Since young, we are often taught that we need to do good, because God/divine nature/karma will punish those who don’t. And what goes around comes around, you reap what you sow.

But in real life, things are always a little messy. Since when the good guy finishes first? How often you see cheating, corrupted politicians got punished? How often do you see a perfectly nice person being struck down by tragedy that he doesn’t deserve?

Even the author of Ecclesiastes confesses that he sees “a righteous man perishing in his righteousness, and a wicked man living long in his wickedness” ( Ecclesiastes 7:15)

If there is a God, where is he when a tragedy strikes? How can he look at all the injustice and suffering in the world and yet still not doing anything?! Why is he allowing bad things to happen to good people and at the same time, allowing good things to happen to bad people?

These are the questions that the author, a Judaism conservative rabbi, Harold Kushner , tries to answer in the book.

Harold Kushner was not preaching from his high altar to a congregation without having experience any of the life unfairness, unlike so many wise men who write volumes and volumes of exegesis on the problem of injustice and suffering. He wrote the book after his three-year-old son, Aaron, was diagnosed with a very rare form of degenerative disease that meant that the boy would at most live until his early teens. Harold had to live to see his son grew old before his own eyes, even before he himself did. It was definitely excruciatingly painful. It definitely will make one questions his belief and faith. What’s the point in believing God when his benevolent sign is pretty well hidden?

Either God is omnipotent, but he is not all loving ( maybe even has a masochist bend), or he is all loving but not omnipotent. It’s a classic theological conundrum ( Epicurus trilemma) that a lot of theologians have been debating for millennium, with no satisfactory outcome.

I can hear a lot of faithful shout in the background: who are you, a mere mortal to judge God?! God does things in his way and you don’t understand. You need to learn to accept that God is doing something good even as he allows tragedies to happen, just that we, human don’t know yet. So shut up and continue to have faith!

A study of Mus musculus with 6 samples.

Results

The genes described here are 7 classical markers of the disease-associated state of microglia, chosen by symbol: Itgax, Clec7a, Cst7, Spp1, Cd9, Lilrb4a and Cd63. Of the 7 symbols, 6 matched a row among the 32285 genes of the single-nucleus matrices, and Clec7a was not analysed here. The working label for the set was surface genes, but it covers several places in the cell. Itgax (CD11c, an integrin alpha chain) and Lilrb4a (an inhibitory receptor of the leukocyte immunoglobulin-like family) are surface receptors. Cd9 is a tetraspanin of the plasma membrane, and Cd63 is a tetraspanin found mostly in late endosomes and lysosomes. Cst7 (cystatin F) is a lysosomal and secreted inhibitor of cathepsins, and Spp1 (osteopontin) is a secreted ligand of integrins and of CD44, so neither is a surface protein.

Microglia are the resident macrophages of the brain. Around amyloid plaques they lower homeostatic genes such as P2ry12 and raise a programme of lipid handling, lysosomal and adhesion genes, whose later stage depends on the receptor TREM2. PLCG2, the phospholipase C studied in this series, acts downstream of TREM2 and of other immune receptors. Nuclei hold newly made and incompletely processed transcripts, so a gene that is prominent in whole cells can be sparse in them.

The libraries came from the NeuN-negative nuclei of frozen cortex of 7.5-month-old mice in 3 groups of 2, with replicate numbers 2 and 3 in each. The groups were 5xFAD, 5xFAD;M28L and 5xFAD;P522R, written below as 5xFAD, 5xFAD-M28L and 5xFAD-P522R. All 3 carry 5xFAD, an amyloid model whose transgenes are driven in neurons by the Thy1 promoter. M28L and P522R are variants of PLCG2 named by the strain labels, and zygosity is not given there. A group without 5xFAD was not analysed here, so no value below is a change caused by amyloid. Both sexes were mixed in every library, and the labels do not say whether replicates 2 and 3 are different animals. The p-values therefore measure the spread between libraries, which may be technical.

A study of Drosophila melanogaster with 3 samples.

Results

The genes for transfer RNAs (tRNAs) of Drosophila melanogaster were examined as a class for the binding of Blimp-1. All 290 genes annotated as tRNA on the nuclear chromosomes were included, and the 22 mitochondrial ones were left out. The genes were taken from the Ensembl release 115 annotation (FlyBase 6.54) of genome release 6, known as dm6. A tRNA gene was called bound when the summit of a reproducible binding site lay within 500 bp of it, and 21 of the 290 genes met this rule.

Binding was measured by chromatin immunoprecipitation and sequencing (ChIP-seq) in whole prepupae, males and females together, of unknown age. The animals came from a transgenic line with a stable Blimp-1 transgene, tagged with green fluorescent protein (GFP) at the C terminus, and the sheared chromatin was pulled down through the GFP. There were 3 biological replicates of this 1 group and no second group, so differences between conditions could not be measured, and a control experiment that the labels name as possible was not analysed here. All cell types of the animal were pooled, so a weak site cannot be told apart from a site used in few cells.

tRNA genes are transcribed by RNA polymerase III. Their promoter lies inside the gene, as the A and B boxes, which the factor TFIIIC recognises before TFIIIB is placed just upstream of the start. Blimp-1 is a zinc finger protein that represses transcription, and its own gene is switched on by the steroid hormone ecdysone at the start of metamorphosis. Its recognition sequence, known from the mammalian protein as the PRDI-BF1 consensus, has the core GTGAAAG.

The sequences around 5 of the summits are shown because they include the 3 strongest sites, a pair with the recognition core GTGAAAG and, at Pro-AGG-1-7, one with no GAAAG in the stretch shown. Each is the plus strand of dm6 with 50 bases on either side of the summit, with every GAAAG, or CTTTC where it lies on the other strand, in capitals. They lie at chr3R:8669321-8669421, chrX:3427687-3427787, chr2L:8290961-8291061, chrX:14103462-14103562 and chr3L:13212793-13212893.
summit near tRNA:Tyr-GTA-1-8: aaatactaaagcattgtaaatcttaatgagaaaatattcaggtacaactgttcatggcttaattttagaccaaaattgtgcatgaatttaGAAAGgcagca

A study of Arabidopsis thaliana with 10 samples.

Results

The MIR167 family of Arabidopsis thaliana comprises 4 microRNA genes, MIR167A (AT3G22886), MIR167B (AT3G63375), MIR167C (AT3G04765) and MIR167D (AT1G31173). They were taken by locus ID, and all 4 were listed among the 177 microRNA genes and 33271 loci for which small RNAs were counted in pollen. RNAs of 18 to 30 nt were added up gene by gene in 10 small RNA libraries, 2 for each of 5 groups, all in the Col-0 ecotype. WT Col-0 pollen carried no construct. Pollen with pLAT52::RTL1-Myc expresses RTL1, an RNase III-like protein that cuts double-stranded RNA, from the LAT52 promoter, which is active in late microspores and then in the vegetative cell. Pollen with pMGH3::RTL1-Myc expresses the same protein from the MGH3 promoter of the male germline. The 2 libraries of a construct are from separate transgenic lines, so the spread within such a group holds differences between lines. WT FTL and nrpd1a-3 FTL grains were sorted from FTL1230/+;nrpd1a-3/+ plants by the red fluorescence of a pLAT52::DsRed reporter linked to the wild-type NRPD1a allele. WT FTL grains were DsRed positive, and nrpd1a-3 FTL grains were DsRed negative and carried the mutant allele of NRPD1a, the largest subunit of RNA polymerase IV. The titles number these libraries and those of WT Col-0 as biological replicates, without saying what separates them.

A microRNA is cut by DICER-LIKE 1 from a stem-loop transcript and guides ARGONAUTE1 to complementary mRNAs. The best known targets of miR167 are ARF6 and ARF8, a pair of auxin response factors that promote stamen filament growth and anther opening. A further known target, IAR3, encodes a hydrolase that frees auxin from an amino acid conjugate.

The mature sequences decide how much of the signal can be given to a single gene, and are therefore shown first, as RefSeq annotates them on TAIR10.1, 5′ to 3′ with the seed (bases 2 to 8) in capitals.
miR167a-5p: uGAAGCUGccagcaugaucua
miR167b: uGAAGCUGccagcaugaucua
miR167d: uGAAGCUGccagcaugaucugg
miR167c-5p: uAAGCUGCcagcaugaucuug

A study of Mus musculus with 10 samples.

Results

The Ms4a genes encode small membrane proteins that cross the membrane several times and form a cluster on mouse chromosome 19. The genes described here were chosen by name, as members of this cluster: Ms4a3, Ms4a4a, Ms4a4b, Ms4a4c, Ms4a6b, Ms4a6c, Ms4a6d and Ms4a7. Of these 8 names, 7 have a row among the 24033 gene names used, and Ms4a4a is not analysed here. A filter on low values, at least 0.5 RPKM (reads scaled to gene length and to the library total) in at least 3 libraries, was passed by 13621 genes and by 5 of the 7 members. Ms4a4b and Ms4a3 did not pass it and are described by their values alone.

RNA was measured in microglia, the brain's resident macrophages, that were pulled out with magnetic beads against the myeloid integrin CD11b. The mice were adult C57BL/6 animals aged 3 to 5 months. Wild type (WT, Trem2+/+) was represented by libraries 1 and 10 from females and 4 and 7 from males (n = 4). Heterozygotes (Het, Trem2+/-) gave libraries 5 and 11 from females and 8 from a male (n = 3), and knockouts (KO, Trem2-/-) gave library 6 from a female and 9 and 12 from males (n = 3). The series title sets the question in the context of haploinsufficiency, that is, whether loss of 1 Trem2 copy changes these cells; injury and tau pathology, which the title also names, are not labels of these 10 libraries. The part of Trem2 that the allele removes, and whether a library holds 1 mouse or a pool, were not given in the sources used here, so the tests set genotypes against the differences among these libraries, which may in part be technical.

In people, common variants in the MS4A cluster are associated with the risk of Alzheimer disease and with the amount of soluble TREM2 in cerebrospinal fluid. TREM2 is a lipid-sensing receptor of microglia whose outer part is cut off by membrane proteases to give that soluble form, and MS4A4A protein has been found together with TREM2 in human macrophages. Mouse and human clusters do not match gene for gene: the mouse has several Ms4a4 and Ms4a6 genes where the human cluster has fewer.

And this is the line of thought that Harold Kushner has problem in accepting. He couldn’t accept an all loving God would allow the infliction of such heavy tragedy on humans, all in the name of a future grandiose plan. This is not the God that he recognizes, and worships.

Neither can he accept that a tragedy happens always because the victim must have done some bad to incur God’s wrath. It’s the classic blaming the victim mentality, which projects God in a very bad image. Is God such a narrow minded deity that he would penalize frivolous offense with disproportionate tragedy? Again this is not the God that he recognizes, and worships.

No, says Harold, bad things happen not because you are bad, or not because God always has a higher purpose behind it. Bad things happen to good people, and God can do nothing about, is because — this is where it gets controversial– he is unable to stop it. When a tragedy strikes, God is in pain as much as you do. But he is powerless of stop it. In other words, he is not omnipotent in the face of calamities.

Harold prefers an all-loving, not omnipotent God over an omnipotent but a cruel God.

A God who is not all-powerful! So what is He good for? Harold thinks that although God can’t solve your problem, but he can definitely be with you, and give you the strength to cope with whatever the challenges that come may. So, we pray to God not necessarily because he can solve our problem, but because he will give us the strength to deal with the situation, the strength that we don’t even know that exists. Miracle happens not because God interfere the natural chains of events with supernatural ones, but because man and woman deal with difficult situation with supernatural wisdom, resilience and strength.

That, to him, is the miracle.

So, if you ask him: what is your response to bad things happen to good people? If your question is why bad things happen to good people, then he would not have an answer to that, and it’s not a fruitful question to ask. But if your question is what can we do, when bad things happen to good people, then yes, he does have an answer. What we can do as a community, is to sit together with the victim, support him and let him feels that God is with him via our presence.

As a victim to a tragedy not of your own doing, which one you hope to receive: a sermon on why bad things happen to you ( your fault, your fault, your fault!!), and why it’s good for you; or friends who come to you and offer you shoulders to cry on, sit silently with you as you vent out your frustration at life or even at God, without being judgemental with you?

When bad things happen to good people is a powerful book because it subverts how I think about tragedy and God. This doesn’t mean that I necessarily agree with the author, but it gives me an opportunity to rethink about how I should cope when disaster strikes ( believe me, everyone has to go through bad things whether you like it or not). There is at least, one conclusion that I can wholeheartedly agree with the author: asking why bad things happen is a futile question. A better question, a question that I should ask is how can I respond to it. How can I — with the strength of God– cope with the challenges and emerge victorious, so that others don’t have to cry for the same reason as I do, so that because of my sacrifice, I can see smiles and laughters at other people’s face?

If you are undergoing hard times, I encourage you to read this book, regardless of whether you believe in a God or not.